Terry Rostic and Jamaal Ewing met the way many business-minded people do – they were at a conference together when fate pushed Rostic to ask an important question about Ewing’s thoughts on entrepreneurship.
Specifically, beer entrepreneurship. That 2016 minority contractor’s event was designed to help small businesses get deeper into one industry, but it ended up creating a partnership and beer company that is now making new brews and lots of fans from Grand Rapids through the Midwest.
The two men and now business partners launched Black Calder Brewing Company shortly after that meeting, Rostic said. Now, as Michigan’s first black-owned brewery, they recently celebrated their first major product launch with the release of Black IPA. The November release met with media accolates and a quick sell-out of product – a sign to Rostic and Ewing that the idea they had four years ago was the right now.
Rostic and Ewing will offer Black IPA exclusively for sale at Broad Leaf Local Beer in Kentwood, the first in a series of Black Calder beers. Black Calder plans to collaborate with other Michigan breweries in the next several months.
They’ve come a long way from when Rostic was working for a large construction development firm. He said he always had an idea for a brewery in the back of his mind. But that idea came fully forward when he met Ewing at that event, knowing his expertise at creating business plans.
Rostic said the duo are both self-described “Craft Beer Heads.” More importantly, they already had project-management experience and Master’s degrees as well as business acumen in key areas that they would need to both make and sell beer long term.
“It’s the perfect partnership,” Rostic said. “We bring different strengths to the table. We’re also polar opposites in how we think. I’m an analyzer and Jamal is a processor.”
Michigan-born Rostic and Ewing have spent over a decade supporting local breweries while developing their craft brewing skills. They decided to focus on “Beer City USA,” Rostic’s hometown of Grand Rapids, through the company’s name as well. Black highlights their heritage and culture while Calder references the iconic statue by artist Alexander Calder.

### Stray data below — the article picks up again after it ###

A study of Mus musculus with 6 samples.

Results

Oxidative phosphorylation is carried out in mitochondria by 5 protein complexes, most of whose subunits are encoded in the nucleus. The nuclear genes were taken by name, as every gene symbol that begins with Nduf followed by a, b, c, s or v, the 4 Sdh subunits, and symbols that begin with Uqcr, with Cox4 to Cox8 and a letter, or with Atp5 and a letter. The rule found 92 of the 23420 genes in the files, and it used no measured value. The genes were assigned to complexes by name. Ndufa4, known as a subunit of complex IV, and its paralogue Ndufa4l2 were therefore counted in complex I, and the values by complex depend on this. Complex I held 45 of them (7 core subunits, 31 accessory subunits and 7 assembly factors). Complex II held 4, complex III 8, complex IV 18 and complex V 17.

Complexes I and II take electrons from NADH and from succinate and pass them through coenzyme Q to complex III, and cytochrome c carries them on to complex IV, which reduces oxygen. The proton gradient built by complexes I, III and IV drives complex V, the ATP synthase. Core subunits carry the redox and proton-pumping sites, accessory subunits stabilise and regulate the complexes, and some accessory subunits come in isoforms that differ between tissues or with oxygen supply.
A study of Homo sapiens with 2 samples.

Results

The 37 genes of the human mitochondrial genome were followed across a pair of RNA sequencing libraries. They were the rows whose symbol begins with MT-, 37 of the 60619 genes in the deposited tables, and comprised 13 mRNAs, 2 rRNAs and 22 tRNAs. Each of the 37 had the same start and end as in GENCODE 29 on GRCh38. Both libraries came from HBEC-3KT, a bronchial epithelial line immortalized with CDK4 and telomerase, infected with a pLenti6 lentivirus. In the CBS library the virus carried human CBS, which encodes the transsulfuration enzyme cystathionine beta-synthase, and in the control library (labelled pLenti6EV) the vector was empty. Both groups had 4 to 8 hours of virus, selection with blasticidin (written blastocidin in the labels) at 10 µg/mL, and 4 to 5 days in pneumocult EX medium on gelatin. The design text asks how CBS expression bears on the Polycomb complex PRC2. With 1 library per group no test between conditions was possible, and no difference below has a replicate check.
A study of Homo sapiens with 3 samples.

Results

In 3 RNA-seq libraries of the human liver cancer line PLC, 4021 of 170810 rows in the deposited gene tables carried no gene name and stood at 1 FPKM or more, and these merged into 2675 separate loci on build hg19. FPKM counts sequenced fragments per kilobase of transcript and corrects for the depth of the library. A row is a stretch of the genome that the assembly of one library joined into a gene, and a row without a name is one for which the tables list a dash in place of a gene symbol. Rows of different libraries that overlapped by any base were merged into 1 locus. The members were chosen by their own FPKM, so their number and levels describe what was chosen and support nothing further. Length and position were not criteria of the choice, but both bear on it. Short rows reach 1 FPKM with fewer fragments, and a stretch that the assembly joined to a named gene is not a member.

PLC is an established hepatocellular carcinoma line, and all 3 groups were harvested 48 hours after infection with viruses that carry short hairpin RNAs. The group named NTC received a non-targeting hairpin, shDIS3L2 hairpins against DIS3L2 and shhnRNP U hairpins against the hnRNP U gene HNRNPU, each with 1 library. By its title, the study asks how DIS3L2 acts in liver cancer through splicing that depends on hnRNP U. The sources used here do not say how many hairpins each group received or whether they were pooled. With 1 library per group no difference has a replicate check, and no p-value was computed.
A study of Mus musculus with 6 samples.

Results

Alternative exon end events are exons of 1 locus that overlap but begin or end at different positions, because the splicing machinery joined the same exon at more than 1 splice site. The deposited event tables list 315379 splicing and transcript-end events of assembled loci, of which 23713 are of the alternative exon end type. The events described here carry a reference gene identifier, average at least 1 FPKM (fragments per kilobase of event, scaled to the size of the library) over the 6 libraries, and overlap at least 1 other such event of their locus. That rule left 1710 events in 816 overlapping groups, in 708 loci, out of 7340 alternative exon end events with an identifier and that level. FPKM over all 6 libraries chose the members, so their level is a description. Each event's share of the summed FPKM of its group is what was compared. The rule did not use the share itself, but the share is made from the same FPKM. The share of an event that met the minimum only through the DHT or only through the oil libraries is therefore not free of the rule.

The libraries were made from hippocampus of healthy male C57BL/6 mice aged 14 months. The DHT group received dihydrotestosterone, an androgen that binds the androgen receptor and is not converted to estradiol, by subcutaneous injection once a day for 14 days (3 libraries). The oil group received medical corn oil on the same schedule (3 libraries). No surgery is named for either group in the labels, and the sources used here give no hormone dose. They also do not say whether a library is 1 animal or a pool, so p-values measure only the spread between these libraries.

The statue, known as La Grande Vitesse, is known locally as just “The Calder.” Its bright-red color and huge stature has been a part of the Grand Rapids art and park scene for decades. And Rostic hopes that naming their company and the beer after this statue will show both their hometown pride and their worldview.
“Black Calder Brewing Company was established to make great beer and provide a platform for innovation, art, culture, and inclusion in the craft beer industry,” Rostic said. “We appreciate the significance of being recognized as Michigan’s first black-owned brewery. It’s something Michigan and the craft beer industry has been longing for, but it’s not the only thing we want to be known for. Our motto is simple: Make dope beer for dope people.”
Rostic and Ewing are proud to be part of the movement of diversity and inclusion in the Michigan craft beer scene and are excited to add their flare and flavor to the industry.
“The craft beer industry was full of flavor, community, and creativity,” Ewing said in a statement. “The passion that brewers, owners, and staff put into creating a unique experience was refreshing. What we didn’t see was diversity and themes that spoke to the culture that we represent. As we grow, we will also explore distilling and crafting wine for our non-beer drinking fans.”
The company’s logo is fashioned after Mbaba Mwana Waresa, often described as a goddess in the Zulu religion. She is said to honor agriculture, harvests, rain, and beer and has power over water and earth. She taught Her people how to sow and reap and also taught them the art of making beer.
Black Calder Brewing Company will offer a variety of beer styles focusing on imperial stouts, barrel and wood-aged beers, fruited ale, kettle sours, IPA’s, lagers and craft ciders. Their first 16-oz can release, Black Calder Black IPA (7% ABV), is dry-hopped with Mosaic and Idaho 7. It is a dark beer with a light tan head that shows moderate to high hop aromas, citrusy notes and light caramel. The smooth, medium-bodied mouthfeel echoes caramel and toffee all the way through with a bittersweet and citrusy finish.
Rostic said they have received great support from the local beer industry as well, getting calls from industry leaders and working with many area companies. Black Calder is contracting with Broad Leaf Local Beer and Brewery Vivant to produce and sell beer for this initial start-up phase with long term plans of opening a physical location in Grand Rapids in 2021.